Delta Air Lines Shows the Future of Retail

By Doug Hope

Yes, that's right. An airline has deployed a customer-facing RFID solution that has huge implications for retailers.


If you want to experience a probable future retail reality, don’t go to a store. Fly Delta Air Lines. Yes, seriously, Delta Air Lines. Delta has done something that no retailer has done yet—let me explain. In the Atlanta airport, at gates T1–T3, the service counter is gone. In its place is a radically slimmed-down mobile pod that wheels from gate to gate as needed. Newly unleashed service agents use a device called the Nomad, which can provide complete service to passengers as agents mingle among the crowd.

Boarding pillars segment passengers into separate lines, depending on loyalty level. As each group is called, passengers approach the new E-Gate, using their phones to self-board (again, no agent). The E-Gate is a preliminary innovation for self-boarding; biometric boarding is coming later this year. These various technologies are being introduced to reduce friction at the critical point of boarding flights, helping to focus agents on passengers with needs rather than tasks for which they are no longer needed—mirroring what a cashier-free retail world would look like.

What no retailer has done, and Delta has, relates to its new RFID baggage-tracking system, introduced last year (see Delta Gives Green Light to RFID Baggage Tracking, Airline Industry Study Is Upbeat About RFID-Based Baggage Tracking and Delta Improves Customer Experience and Boosts Efficiency With RFID Baggage Tracking). When Delta put RFID tags onto every piece of luggage—via self-adhesive baggage tags it was already using—it not only created a far more effective system to track bags, but also introduced a passenger-facing feature via the Delta app, which automatically notifies passengers when their baggage is loaded onto the aircraft, and when it arrives at the luggage carousel at the end of their flight. This innovation has delighted Delta’s passengers, while creating a far more efficient system that, according to a (relatively lonely) Delta baggage claim office staffer whom I interviewed, “changed everything” for the better.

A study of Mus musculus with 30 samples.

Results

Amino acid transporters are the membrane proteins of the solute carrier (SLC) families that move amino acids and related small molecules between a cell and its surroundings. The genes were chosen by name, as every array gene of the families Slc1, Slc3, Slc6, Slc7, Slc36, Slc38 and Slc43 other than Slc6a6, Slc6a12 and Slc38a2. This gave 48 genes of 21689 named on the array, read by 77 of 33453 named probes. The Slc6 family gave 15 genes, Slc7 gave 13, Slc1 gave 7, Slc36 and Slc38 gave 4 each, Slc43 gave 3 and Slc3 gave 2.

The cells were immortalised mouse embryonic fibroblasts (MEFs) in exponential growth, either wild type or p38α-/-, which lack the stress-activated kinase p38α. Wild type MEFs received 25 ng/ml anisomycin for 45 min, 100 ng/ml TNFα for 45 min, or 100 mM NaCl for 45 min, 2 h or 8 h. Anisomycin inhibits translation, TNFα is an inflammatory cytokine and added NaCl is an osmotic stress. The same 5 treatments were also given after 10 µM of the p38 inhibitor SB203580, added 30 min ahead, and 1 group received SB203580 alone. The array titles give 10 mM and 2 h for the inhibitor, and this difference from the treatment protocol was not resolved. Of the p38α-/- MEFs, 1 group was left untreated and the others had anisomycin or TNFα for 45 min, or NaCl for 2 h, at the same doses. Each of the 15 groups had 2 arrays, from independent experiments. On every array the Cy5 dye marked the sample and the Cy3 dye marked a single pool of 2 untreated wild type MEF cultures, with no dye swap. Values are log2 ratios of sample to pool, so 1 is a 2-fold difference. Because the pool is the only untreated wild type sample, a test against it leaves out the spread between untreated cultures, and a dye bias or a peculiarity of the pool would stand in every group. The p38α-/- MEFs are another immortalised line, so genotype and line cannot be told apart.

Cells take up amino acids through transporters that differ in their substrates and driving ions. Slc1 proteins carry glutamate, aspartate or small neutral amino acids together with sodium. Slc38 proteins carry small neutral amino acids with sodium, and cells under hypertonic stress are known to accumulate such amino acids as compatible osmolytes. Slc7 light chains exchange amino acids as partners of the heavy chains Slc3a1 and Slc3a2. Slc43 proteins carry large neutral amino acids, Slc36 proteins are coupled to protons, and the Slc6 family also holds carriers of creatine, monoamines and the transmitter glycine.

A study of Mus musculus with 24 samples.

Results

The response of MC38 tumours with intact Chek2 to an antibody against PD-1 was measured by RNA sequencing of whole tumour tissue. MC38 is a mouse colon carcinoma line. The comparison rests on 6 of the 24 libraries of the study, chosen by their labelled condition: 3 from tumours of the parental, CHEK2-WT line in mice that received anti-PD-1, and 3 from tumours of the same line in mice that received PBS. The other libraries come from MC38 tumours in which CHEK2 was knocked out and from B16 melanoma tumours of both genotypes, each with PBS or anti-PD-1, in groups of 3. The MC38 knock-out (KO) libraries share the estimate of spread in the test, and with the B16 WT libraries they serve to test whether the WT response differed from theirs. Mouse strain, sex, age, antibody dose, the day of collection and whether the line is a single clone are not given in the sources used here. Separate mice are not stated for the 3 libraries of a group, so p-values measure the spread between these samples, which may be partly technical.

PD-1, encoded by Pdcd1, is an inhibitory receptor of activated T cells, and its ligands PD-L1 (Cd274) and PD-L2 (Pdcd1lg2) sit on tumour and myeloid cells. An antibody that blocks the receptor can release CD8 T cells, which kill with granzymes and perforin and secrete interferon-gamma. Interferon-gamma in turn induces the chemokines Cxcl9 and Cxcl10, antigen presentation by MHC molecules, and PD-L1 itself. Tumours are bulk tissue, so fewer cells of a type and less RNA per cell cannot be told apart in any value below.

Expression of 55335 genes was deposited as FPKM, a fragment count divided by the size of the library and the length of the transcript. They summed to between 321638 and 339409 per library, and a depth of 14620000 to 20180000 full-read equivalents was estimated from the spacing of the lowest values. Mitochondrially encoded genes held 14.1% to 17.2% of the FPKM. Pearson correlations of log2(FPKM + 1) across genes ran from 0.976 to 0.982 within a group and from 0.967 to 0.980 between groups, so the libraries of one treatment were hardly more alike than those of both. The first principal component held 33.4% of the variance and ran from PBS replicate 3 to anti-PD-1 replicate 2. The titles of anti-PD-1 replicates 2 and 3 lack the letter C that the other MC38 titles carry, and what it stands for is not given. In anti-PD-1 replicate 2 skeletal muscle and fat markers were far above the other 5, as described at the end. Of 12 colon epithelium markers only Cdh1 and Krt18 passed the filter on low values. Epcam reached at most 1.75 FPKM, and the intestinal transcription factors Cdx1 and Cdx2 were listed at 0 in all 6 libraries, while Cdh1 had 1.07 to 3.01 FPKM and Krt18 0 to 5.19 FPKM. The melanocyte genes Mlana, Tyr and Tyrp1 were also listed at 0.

So far, I know of no retailer that has pointed RFID technology to shoppers through their mobile devices (so-called “magic mirrors” in dressing rooms don’t count). Retail supply chain, logistics, inventory control and security types have been using RFID to improve those areas of their business. But leveraging RFID—empowering shoppers to use it—doesn’t exist in retail, despite the fact that more than 40 percent of the apparel companies now tag their merchandise, along with significant innovations in RFID readers that are capable of real-time 100 percent accuracy, not to mention rock-bottom pricing on tags.

Imagine a revenue-boosted RFID retail world that allows shoppers to find—and even purchase—any item in a store, even if that item is in the back room. Or the ability to reach consumers via their devices with real-time, relevant information regarding goods in which they’ve expressed interest, just as PC and mobile users are retargeted with reminders of products they have browsed online.

Right now, it’s just a hopeful fantasy, waiting to take flight.

Doug Hope is the founder and show director of GlobalShop and a co-founder of design:retail magazine, an Emerald Expositions publication.